Economy

U.S. Savings Rate Hits Record-High 33 Pct, But Spending Falls A Record 13.6 Pct

personal savings

The consumer savings rate hit a historic 33 percent in April, as Americans hunkered down amid COVID-19, the U.S. Bureau of Economic Analysis (BEA) announced Friday (May 29).

“There is a tremendous uncertainty and virus fear that is lingering and that is restraining people’s desire to go out and spend as they normally would,” Gregory Daco, chief U.S. economist at Oxford Economics told CNBC.

The rate reflects how much people save as a percentage of their income. At one-third, it’s the highest number since the department began tracking in the 1960s.

It’s been 45 years since the previous record savings rate was set. In May 1975, the savings rate reached 17.3 percent, according to FactSet. The Connecticut-based financial data company reported the savings rate was more than 13 percent throughout most of the early 1970s.

April’s indicator was up from 12.7 percent in March.

As savings rose, spending fell by a record 13.6 percent for the month, the BEA reported.

The pandemic has caused Americans to save, in part, because of shelter-in-place orders, as well as fears brought on as a record 40 million workers have filed for jobless benefits.

“The saving rate is the residual of an extraordinary event,” Diane Swonk, chief economist at Grant Thornton, the Chicago accounting firm, told the network.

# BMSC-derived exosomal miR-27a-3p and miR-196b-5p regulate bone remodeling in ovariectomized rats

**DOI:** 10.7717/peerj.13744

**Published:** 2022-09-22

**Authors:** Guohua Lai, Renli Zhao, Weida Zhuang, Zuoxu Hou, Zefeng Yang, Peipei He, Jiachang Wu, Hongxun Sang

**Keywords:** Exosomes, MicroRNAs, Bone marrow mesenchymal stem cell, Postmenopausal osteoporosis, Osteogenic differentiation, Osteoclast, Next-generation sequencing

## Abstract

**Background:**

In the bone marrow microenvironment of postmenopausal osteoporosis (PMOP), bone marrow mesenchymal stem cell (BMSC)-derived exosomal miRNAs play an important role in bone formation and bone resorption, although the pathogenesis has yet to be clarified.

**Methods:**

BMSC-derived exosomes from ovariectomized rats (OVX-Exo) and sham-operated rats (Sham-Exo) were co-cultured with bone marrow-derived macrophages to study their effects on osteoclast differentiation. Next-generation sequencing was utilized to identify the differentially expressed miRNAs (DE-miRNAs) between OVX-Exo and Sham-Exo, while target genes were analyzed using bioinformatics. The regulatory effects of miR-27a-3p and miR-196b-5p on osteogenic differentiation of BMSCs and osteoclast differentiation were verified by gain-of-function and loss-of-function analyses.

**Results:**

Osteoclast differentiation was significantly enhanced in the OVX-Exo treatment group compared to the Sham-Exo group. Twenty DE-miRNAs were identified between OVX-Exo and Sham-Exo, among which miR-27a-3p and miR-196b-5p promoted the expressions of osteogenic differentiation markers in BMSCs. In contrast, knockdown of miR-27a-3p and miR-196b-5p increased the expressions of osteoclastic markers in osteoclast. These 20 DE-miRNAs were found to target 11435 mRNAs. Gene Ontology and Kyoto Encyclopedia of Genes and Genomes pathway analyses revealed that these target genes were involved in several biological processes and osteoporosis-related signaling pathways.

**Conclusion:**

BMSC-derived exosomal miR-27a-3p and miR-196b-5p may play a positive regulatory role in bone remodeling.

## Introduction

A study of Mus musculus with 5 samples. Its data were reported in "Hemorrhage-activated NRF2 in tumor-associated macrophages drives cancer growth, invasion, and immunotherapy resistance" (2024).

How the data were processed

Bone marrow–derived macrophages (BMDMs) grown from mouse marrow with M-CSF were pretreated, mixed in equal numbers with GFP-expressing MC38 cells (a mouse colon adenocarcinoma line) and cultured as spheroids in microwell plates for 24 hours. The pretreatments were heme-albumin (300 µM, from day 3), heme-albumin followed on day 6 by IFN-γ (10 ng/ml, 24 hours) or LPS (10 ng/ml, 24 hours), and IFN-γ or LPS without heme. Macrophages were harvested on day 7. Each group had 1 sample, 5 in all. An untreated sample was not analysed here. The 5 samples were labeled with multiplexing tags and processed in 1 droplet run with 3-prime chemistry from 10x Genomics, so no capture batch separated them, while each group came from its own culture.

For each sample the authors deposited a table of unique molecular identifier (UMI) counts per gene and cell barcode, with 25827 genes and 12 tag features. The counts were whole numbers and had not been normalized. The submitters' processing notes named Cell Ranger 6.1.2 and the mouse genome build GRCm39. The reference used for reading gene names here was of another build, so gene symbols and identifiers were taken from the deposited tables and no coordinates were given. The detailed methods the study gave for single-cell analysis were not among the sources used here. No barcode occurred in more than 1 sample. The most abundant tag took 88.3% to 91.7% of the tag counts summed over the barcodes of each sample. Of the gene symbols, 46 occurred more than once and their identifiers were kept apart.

Analysts told CNBC while consumers account for more two-thirds of the economy, the recovery will depend upon whether the increase in savings stems from the shutdown or reflects a structural change in consumer habits.

“There’s not much opportunity for many people to go out and spend money,” Megan Greene, a senior fellow at Harvard Kennedy School told CNBC. “With shops all closed and everybody locked up, the ‘shopportunities’ have dried up. That speaks to a kind of demand shock.”

Daco said as long as the money is put in savings instead of being invested, that tends to weigh on interest rates, curb growth and weakens the potential of the economy.

“The paradox is that if everyone across the broad economy is hunkering down, that only makes the recession worse,” Marc Odo, portfolio manager at Swan Global Investments, told the network.

The latest savings numbers reflect what Bank of America Chairman and CEO Brian Moynihan said on Thursday (May 28) when he noted average consumer checking balances are up by 30 to 40 percent compared to a year ago.